Google Threat Analysis Group (TAG) has exposed hack-for-hire groups operating in Russia, India and the United Arab Emirates (UAE), targeting activists and sensitive data.

Google uncovers ‘hack-for-hire groups’ operating globally

According to Google TAG researchers, the hack-for-hire adversaries are focused on exfiltrating data and on compromising accounts, conducting corporate espionage and targeting high-risk users, including human rights organisations, political activists, journalists and others "operating in sensitive online spaces".

The hack-for-hire landscape is fluid, according to Shane Huntley, director, at Google Threat Analysis Group, both in how the attackers organise themselves and in the wide range of targets they pursue in a single campaign at the behest of disparate clients, he explained.


"Some hack-for-hire attackers openly advertise their products and services to anyone willing to pay, while others operate more discreetly selling to a limited audience," Huntley wrote in the Google TAG blog.

Using various methods to pursue their targets, the hack-for-hire groups have been observed soliciting business from a select group of potential clients and some groups have opted to advertising their services according to researchers.

Google TAG tracked a group of India-based threat actors and have linked former employees of offensive security firms that include Appin and Belltrox to a new firm called Rebsec, openly advertising corporate espionage.

The Russia-linked group, known as Void Balaur, was discovered while investigating a 2017 campaign against a journalist. The threat actor was seen targeting other journalists, non-governmental organisations (NGOs), non-profits and politicians.

Another set of actors launched credential phishing campaigns against targets in Saudi Arabia, the UAE and Bahrain, with a particular focus on government, telecom and health care. Google TAG researchers found the activity has focused on compromising Google, Amazon Web Services accounts and in some cases, specific government agencies.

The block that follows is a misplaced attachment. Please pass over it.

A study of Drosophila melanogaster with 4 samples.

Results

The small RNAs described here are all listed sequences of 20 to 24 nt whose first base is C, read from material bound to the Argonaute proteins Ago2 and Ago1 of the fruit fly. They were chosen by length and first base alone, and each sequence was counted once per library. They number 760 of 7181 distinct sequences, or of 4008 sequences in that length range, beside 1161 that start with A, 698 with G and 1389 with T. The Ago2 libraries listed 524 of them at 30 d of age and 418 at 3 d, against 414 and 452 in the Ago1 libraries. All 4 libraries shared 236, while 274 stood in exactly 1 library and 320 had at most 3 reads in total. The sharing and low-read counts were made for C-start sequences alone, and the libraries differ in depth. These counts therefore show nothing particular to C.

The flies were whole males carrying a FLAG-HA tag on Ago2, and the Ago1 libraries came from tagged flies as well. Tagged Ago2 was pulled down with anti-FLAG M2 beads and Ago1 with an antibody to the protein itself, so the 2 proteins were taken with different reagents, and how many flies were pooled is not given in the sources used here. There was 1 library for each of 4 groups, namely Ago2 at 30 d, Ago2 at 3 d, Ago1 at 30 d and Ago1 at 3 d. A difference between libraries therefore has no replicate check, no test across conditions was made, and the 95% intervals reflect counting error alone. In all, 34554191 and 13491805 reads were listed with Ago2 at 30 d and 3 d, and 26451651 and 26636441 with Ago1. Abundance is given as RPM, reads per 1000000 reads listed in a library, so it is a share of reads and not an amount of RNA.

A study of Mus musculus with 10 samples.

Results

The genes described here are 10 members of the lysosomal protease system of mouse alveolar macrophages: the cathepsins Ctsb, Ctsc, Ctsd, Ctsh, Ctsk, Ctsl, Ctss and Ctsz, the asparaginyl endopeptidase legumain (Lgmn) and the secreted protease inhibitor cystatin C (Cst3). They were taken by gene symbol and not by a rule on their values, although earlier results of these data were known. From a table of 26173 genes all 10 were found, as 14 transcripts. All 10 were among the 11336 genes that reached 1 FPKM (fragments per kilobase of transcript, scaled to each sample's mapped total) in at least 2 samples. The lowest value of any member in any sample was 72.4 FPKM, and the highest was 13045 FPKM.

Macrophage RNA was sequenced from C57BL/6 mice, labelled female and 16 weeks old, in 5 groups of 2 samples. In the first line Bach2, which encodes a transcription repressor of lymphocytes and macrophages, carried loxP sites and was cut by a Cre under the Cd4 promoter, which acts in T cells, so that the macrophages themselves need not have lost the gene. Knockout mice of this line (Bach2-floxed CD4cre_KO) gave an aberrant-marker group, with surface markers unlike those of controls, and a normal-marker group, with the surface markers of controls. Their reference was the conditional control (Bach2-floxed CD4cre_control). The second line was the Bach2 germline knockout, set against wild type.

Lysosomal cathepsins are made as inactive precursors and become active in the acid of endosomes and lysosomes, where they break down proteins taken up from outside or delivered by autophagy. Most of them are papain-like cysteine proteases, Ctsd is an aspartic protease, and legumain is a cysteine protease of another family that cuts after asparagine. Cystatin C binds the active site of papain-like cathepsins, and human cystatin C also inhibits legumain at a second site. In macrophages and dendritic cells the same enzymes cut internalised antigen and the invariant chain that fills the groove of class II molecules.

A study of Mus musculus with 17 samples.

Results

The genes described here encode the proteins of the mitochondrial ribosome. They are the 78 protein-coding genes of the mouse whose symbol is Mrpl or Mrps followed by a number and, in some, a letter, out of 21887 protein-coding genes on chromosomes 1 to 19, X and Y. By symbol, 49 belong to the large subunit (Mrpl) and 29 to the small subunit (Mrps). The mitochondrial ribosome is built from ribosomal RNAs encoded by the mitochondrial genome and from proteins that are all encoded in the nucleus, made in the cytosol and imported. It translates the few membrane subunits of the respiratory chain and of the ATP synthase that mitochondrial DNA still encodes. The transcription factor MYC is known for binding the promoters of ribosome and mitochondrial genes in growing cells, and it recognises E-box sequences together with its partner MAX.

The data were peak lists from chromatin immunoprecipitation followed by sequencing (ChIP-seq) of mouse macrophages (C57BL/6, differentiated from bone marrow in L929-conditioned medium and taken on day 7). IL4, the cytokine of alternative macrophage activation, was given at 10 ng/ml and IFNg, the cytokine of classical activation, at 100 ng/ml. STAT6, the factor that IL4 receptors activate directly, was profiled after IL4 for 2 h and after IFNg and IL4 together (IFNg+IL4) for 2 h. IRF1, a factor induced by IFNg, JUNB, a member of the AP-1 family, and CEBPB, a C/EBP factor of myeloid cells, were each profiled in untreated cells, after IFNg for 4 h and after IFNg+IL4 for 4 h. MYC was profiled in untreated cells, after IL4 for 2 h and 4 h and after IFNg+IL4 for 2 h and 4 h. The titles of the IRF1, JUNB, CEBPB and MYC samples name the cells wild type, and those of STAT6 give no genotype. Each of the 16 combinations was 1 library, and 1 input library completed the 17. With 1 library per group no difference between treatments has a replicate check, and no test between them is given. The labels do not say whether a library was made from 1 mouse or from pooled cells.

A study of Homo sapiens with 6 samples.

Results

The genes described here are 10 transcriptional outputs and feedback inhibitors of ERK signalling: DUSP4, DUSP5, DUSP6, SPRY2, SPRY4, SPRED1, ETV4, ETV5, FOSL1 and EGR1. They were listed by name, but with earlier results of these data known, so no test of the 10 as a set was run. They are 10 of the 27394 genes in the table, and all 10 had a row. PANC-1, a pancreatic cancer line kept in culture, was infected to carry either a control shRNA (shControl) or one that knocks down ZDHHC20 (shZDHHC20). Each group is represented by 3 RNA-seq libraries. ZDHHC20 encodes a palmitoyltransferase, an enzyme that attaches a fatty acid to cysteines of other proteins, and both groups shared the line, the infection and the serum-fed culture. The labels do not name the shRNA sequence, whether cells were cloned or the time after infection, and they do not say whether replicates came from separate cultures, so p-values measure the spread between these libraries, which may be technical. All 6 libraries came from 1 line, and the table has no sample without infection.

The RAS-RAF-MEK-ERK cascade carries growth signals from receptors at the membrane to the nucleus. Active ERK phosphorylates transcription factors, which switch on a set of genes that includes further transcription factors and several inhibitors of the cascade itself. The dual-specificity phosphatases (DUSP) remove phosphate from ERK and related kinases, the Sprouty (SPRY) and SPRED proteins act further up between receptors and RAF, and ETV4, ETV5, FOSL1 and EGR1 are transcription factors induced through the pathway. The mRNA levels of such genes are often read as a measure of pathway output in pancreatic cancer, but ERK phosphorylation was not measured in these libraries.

The attackers have been observed to employ "bait" that include fake Gmail accounts or spoofed Russian government websites. After compromising a targeted account, the adversary used an OAuth token to a legitimate application, such as Thunderbird, according to researchers. In some instances, the attackers generated an app password via IMAP. The group has targeted Gmail, Hotmail and Yahoo accounts.

The UAE-based threat actors have been focused on Middle East and North African targets, including government organisations, NGOs or education providers. Google GTA researchers have also found the adversary has targeted the Palestinian Fatah party and European-based NGOs focused on Middle East affairs.

The actor uses a custom phishing kit, which includes an automated web browser suite called Selenium. This group is also linked to the original H-Worm developers, the subjects of a 2014 Microsoft lawsuit.

Websites and domains linked to these threat actors have been added to safe browsing. The CyberCrime Investigation Group has shared information and indicators of compromise with law enforcement.